Design & Technology - Parents Page

Why Include Information Communication & Technology In Home Schooling 

Design and Technology is a practical and valuable subject. It enables learners to actively contribute to the creativity, culture, wealth and well-being of themselves, their community and their nation. It teaches how to take risks and so become more resourceful, innovative, enterprising and capable. Learners develop a critical understanding of the impact of design and technology on daily life and the wider world.


The skills, knowledge and understanding of the subjects involved in science, technology, engineering and mathematics are vital for all learners in an increasingly science- and technology-driven society. Learners should be learning to be:


  • Be creative

  • Solve real problems

  • Learn skills that to use in a future job

  • Learn about materials, processes and tools

  • Learn about the effect of products on the environment & people

  • Make things with different materials

  • Learn practical skills to help yourself

  • Apply knowledge from other subjects

  • Make a finished product to take home

  • Broadens minds about the world and people


Design and Technology builds on the skills and knowledge learners have already learnt. It leverages increasingly sophisticated resources, including dedicated environments, manufacturing equipment and specialist teaching. As learner’s progress through this phase, they should be given the opportunity to focus on specific aspects of the subject such as product design, food technology, engineering, systems and control, electronics, textiles and graphics. However, at its core is creativity and imagination. They should learn to design and make products that solve genuine, relevant problems within different contexts whilst considering their own and others’ needs, wants and values. To do this effectively, they will need to acquire a broad range of subject knowledge and draw on additional disciplines such as mathematics, science, engineering, computing and art.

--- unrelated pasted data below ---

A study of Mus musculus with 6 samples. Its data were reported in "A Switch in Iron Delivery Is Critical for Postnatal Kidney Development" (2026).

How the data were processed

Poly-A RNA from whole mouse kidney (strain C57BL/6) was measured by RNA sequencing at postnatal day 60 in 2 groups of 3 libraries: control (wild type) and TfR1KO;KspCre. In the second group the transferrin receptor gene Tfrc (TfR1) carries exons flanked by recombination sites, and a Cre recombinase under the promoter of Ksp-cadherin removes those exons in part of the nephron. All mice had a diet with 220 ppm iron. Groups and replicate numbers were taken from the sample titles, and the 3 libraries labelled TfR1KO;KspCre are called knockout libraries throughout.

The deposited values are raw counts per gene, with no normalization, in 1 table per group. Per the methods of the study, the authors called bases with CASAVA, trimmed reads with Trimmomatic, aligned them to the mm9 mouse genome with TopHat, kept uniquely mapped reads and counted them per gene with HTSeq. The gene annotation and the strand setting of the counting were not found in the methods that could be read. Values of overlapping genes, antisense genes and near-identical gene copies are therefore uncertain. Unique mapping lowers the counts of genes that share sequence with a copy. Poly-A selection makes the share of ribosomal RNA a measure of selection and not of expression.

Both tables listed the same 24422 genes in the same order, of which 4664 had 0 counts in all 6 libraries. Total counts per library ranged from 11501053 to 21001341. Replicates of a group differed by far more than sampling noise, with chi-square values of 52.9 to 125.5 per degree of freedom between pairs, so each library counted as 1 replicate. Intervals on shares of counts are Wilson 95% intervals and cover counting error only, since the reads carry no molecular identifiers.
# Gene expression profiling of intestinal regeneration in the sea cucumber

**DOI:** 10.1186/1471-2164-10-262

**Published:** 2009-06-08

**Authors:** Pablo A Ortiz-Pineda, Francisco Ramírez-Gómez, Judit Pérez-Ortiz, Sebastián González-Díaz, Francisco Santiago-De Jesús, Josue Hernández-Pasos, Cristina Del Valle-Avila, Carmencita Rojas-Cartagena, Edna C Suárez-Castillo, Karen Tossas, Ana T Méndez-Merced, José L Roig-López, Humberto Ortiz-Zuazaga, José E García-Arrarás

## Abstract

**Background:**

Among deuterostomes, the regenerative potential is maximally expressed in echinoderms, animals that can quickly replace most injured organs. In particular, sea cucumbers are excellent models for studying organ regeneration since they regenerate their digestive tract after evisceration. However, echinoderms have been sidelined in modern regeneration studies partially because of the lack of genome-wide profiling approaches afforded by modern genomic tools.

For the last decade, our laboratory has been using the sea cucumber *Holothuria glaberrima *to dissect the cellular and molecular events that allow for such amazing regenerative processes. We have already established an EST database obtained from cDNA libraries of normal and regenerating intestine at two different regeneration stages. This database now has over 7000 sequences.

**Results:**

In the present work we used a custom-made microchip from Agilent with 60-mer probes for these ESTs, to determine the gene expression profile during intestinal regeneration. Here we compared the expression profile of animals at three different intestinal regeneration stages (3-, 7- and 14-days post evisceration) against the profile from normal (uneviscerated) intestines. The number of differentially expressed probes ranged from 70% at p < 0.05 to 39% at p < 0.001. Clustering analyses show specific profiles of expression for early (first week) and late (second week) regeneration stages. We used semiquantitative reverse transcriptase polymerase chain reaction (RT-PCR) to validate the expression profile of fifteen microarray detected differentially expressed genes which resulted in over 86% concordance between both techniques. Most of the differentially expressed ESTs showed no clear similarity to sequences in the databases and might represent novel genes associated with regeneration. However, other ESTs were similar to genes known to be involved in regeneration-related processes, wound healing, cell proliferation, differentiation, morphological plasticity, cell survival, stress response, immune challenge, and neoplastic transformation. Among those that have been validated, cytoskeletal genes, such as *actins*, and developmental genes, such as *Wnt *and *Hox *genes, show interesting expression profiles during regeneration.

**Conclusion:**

Recording The Learning 

For our learners on the Autistic Spectrum, following instruction and ending up with the desired end product is very satisfying. The problem may come when you ask them to adapt the original instructions to make it there own. You may have to eat the same recipe a number of times before you can get even a little change in the ingredients. 


Design and Technology suits many of our dyslexic learners. Recording with drawings and labeled up pictures, photographing the different stages - a subject that plays to our skills.

Including Information, Communication and Technology in to the Learning Routine

Here, at Orchard Training we try to embed design and technology into our projects, where it sits naturally and can be enjoyed.


You don’t need any fancy, expensive equipment to teach history.  each project will list the resources you will need and suggestions of where to visit. They are written with the home-schooler’s budget in mind. The biggest expense will be getting the raw materials and some of this can be recycled and using recycled materials can be made part of the project where ever possible. 


Below is a project of Rocking Boxers. Made from a wire coat hanger for the rocking mechanism, plasticine as the counter weight, card for the body, kitchen paper for the head. Hours of fun was had working out how to make this work and then having matches to find out who was the best boxer! 

Circle of Colored Pencils

How To Deliver Design & Technology At Home

How we can do this at home, by starting with the idea that all of the projects are for both boys and girls.


Cooking healthy meals as well as treats, learning how to sew, this can be as little as sewing on button, but should include knitting, quilting, cross stitch, making items to use, pyjama bottoms or a useful bag.


Making things out of wood like helping to construct a shed, allow potential pinball wizards to flourish with a wood game project, or making Christmas decorations from willow. Making things with metal like tea light holders.


To make things from paper by making a paper bridge strong enough to take the weight of a toy car. or making a piñata for celebrations.

Why not join our Gingerbread House Challenge in December.